By Keegan Hamilton
By Albert Samaha
By Village Voice staff
By Tessa Stuart
By Albert Samaha
By Steve Weinstein
By Devon Maloney
Moreover, there was a great deal of money to be made by all concerned, McCarthy said. "[The] building owner will get to save a lot of money on his payroll. . . . Hell do a cost analysis. Normally what [Francis] saves them is between $500,000 to $750,000 a year," he said. McCarthy said that his standard fee for arranging such deals was 10 percent of the contractors fee. If everything went according to plan, the Aparos and Durso stood to collect 25 percent of Weiders savings. "We are doing it with buildings in Manhattan," said McCarthy. "Best way to go."
Francis would also take care of any picketing by the union by filing charges with the NLRB , McCarthy said. "Dont worry about the vandalism," said the consultant. "Once [Francis] comes in hell throw everybody the fuck out. Whatever picketing would be very short term because Michael will get that done with the labor board," he said. McCarthy then turned to Durso and said with obvious pride, "This is an industry, Mike."
Indeed it is. According to the new leaders of Local 32B-J, the playbook described by McCarthy has been used against them in more than a dozen situations in the past couple years, including at 10 buildings where Franciss company was hired in place of a 32B-J contractor. The union has waged public and clamorous battles in front of several large downtown office buildings, where whistle-blowing, can-shaking crowds of picketers have protested the lower wages offered by new contractors.
"Weve been fighting him since before I got here," said Mike Fishman, one of the troublesome organizers described by McCarthy who were sent by the international to clean up the local. "Owners save so much money bringing in these non-union contractors that they are willing to fight," said Fishman, who was elected president of the local last year. Actually, the new contractors bring their own friendly unions with them, Fishman said, just as McCarthy had described. "You can always tell when it is one of those sweetheart deals, because the workers dont even know theyre in a union," said Fishman.
On June 27, 2000, Vincent Aparo and Durso accompanied Michael Francis to a meeting at Weiders Brooklyn office. Weider also invited his financial backer, Michael Konig, a former nursing-home operator who was banned by state health regulators in Massachusetts and Connecticut, to hear Francis's business pitch.
"Youre gonna negotiate in good faith with the union to an impasse. . . . Youre looking for givebacks," Francis told the group. Any picketing could be legally limited to a single isolated building, he said. "Were prepared to go into federal court and get a restraining order to avoid picketing," said the contractor. "Weve done it at other places."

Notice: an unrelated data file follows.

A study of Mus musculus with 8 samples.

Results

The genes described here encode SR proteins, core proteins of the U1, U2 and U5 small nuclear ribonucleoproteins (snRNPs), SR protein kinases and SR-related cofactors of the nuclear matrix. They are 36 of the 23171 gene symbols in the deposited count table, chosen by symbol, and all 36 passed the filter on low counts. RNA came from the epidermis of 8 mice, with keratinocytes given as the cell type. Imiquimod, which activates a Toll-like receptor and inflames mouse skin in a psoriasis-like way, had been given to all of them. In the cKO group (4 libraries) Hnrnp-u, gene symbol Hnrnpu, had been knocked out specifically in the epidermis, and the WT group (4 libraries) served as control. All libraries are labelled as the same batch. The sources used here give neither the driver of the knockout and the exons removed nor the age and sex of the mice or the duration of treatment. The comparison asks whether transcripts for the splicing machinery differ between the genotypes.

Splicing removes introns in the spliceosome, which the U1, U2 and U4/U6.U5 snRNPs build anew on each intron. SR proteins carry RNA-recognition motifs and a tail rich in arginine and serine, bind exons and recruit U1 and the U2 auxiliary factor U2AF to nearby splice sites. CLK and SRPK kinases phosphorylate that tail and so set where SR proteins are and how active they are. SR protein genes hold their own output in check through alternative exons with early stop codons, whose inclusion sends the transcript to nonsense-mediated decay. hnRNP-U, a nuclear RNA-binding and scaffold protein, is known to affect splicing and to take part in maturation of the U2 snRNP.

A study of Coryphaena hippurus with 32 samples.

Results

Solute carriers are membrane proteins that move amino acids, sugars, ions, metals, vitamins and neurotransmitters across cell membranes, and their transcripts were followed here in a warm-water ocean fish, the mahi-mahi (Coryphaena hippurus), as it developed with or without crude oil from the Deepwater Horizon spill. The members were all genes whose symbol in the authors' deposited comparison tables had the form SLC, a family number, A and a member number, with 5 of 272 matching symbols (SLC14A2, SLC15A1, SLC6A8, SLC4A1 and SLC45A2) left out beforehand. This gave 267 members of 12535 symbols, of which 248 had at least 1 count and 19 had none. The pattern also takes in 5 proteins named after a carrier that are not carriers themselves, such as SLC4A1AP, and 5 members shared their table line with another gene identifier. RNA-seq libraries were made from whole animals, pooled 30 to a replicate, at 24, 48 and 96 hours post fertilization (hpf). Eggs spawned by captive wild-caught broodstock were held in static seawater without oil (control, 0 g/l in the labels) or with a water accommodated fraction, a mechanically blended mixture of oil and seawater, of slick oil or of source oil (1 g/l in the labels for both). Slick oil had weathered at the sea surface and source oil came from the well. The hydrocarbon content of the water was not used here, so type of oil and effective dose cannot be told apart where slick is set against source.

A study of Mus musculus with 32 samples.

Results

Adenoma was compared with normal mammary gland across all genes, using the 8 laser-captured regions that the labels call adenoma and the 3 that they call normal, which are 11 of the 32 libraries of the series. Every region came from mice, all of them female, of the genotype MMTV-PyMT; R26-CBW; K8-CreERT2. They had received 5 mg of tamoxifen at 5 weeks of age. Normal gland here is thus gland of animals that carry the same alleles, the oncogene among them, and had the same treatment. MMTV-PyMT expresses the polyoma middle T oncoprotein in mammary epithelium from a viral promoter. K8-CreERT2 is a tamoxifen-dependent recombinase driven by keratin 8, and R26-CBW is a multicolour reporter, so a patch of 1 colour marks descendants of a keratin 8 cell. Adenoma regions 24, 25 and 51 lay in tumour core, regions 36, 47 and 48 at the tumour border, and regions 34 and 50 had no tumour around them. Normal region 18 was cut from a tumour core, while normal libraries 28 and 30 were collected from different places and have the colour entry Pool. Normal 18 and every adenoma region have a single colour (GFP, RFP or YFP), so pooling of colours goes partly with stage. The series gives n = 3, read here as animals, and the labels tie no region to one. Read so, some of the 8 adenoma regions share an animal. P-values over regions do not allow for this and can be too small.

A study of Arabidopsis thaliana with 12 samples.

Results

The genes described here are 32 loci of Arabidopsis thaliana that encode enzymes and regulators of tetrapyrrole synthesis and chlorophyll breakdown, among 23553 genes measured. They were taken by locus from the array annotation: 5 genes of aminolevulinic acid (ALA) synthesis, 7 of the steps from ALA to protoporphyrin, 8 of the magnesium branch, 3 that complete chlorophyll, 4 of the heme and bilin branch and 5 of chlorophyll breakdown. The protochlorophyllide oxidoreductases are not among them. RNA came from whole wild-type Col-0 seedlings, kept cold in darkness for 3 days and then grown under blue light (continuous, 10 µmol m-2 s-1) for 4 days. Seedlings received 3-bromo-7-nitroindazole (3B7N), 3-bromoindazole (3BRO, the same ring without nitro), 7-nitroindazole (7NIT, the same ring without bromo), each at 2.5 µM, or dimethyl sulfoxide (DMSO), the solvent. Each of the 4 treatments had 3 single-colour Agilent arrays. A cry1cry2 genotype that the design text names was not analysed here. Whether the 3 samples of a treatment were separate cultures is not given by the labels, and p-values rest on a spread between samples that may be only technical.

At one point, Francis borrowed a pencil to do some calculations. "Youre gonna save more than 20 percent a year. The exact same number of people and they are quality personnel. . . . Theres no magic to it."
The feds say they closed in before any deal could be cut between the Vanderveer owners and a new, cheaper maintenance contractor. McCarthy later pled guilty to labor conspiracy. Neither Francis nor Konig were ever charged. The building complex went into bankruptcy soon after the indictments and a professional real estate manager was appointed by the court to run the complex.
Francis said he recalled little about the meeting in question when asked about the matter last week. "I remember a meeting in Brooklyn, I dont remember who was there," he said. "I submitted a proposal and I never heard any more about it." He declined further comment. Konig also said he had no idea he was sitting down with gangsters but was skeptical of the proposal "from the get-g o."
Before they were hauled away in handcuffs, however, the Genovese gangsters eventually did find their way to a pair of corrupt Local 32B-J officials, both of them holdovers from the Bevona era. One of them, former 32B-J business agent Ismet Kukic, later pleaded guilty to labor conspiracy. But even Kukic warned the Genoveses that things had changed at his union.
"Let me explain to you whats gonna happen," said Kukic. "These are the new people over there, theyre very into hi-tech shit," he said, with a vast war chest to wage pro-union campaigns. "We investigate the owner, we find out who his mother was and father was, who he donates to. . . . We go to where he lives, Scarsdale, screaming all over the neighborhood. . . . These guys have big plans."